World War II veteran receives long-awaited medals
Ceremony at Elks Club honors Demuth's service
|At a ceremony last Friday at the Littleton Elks Club, just after receiving the medals he never received during World War II, Francis Demuth holds back tears when speaking of his experiences in the war and those who did not return. Art McGrath. (click for larger version)|
July 22, 2009LITTLETON—Saipan, Guam, Tinian, the Battle of the Philippines Sea.
Names that have come down to later generations of Americans as far away legends were part of daily life for Francis Demuth 65 years ago.
Last Friday, in a ceremony at the Elks Club, Demuth received his medals for those World War II battles of which he was a participant, and shared and emotional moment when he reflected on comrades long dead and on wars raging at this very moment.
Like many veterans, when the war ended Demuth, of Lisbon, was more interested in getting home than getting medals.
Members of the Color Guard from White Mountains Regional High School's JROTC program carried the colors into the room for the ceremony. The Pledge of Allegiance was led by Cadet Lt. Susanna Whittum, who then sang the National Anthem.
"These are the future leaders of our country, I expect to see some of them in the military soon," said Dan Greenlaw, of Veterans of Foreign Wars Post 816, who officiated the ceremony. He said the ceremony was a "proud joint venture" between the VFW and the Elks Club.
John Moody, of the Elks Club, said that as long as there were veterans, the Elks Club would not forget them.
Choking back tears, Greenlaw recounted the work that Steve Huntington, a staff member for U.S. Rep. Paul Hodes did to get Demuth his medals. Huntington recently passed away. Another member of Hodes' staff read a letter during the ceremony honoring Demuth.
Hodes' letter echoed Gen. Douglas MacArthur's famous words to a graduating class at West Point, stressing the importance of "duty, honor, country."
Greenlaw recounted some of Demuth's life, when he left home in 1943 after getting his father to sign a waiver allowing him to go into the Navy at age 17 instead of waiting until he was 18. After training, Demuth was assigned to the USS Dortch (DD 670), a Fletcher Class Destroyer launched in 1943. He served as a carpenter's mate, eventually rising to carpenter's mate third class before his discharge in February 1946.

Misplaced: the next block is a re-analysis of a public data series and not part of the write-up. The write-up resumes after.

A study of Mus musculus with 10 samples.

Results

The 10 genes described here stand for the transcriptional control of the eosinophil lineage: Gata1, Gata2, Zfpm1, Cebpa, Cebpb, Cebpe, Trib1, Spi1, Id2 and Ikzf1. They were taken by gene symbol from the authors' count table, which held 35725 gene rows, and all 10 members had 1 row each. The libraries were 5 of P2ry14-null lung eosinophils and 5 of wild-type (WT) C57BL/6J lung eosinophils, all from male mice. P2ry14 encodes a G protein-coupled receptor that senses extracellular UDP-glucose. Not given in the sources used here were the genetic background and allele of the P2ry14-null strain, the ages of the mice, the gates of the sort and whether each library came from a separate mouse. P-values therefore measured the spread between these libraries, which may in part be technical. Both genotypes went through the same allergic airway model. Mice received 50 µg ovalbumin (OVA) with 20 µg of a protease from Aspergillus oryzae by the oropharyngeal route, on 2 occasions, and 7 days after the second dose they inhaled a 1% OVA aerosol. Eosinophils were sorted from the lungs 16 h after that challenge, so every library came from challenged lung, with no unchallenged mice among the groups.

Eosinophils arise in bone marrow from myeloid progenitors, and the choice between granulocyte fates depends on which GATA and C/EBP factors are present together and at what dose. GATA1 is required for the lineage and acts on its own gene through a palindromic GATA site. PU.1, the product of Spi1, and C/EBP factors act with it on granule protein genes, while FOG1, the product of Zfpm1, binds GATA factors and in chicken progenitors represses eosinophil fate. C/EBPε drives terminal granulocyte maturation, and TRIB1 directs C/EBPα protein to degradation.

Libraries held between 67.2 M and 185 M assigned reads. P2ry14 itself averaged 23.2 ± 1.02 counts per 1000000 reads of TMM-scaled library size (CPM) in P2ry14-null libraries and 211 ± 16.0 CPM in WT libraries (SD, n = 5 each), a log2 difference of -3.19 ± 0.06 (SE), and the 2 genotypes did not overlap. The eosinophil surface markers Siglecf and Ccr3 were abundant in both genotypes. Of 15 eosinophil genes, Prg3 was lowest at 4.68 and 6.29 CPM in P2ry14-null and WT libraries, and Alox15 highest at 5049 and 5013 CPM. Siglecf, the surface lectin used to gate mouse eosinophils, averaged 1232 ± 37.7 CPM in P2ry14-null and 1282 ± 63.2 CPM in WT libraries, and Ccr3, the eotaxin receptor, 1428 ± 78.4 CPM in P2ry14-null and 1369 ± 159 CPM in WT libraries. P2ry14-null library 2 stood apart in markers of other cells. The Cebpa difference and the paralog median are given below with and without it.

Demuth served on the USS Dortch through some of the fiercest battles of the war in the Pacific Theater, often manning a 20-millimeter anti-aircraft machinegun during kamikaze suicide attacks on the American fleet.
Retired Navy Cmdr. Peter Burdett pinned Demuth's medals on him. Burdett, who retired in 1993 after 23 years service, said he sailed through some of the same waters in the Pacific that Demuth once fought in.
"Those waters are now peaceful," Burdett said.
"Thank God," Demuth replied.
Burdett said the World War II generation was a great generation that went through trying times and said the current generation serving in uniform is a great generation, serving all over the world wherever needed.
As Burdett pinned the medals on Demuth's shirt, Greenlaw read the campaigns associated with each medal. The names carried echoes of those battles long ago, whose guns are now silent: the Marshall Islands, Truk, in the Caroline Islands; Saipan, in the Marianas; New Guinea, Palau, raids on Guam during the occupation of that island; raids in the Bonin and Volcano Islands.
Demuth became somber when asked to speak and emotions came to the surface several times as he addressed those in the audience, especially those in uniform.
"We still stick our nose where it doesn't belong," Demuth said. "But God bless all of us for protecting our nation as it always has been...and God bless the guys who didn't come back, I'm one of the lucky ones."
Referring to the current wars, Demuth said he hopes they are "the last ones forever."
After the ceremony, Demuth reflected on the most memorable events from his time on ship. The dropping of the Atomic bombs on Hiroshima and Nagasaki in July 1945 were the most memorable, because they meant the end of the war. He was serving on his ship in the Philippines at the time.
"Thank God it's over is what I thought at the time," Demuth said.
Another memorable moment was watching the surrender of the Japanese in Tokyo Harbor in September 1945. His ship was near the USS Missouri, the battleship where the surrender documents were signed. His entire crew was in dress white uniforms watching the events unfold nearby.
"We were witnessing history," Demuth said.
The medals Demuth received during Friday's ceremony were the World War II Victory Medal; the American Campaign Medal; the Asiatic Pacific Campaign Medal with one silver star and three bronze stars; the Navy Occupational Service Medal with Asia Clasp; and the Combat Action Ribbon. He also received his discharge button, honorable service lapel pin and is eligible for the Philippines Liberation ribbon, which did not arrive in time for the ceremony.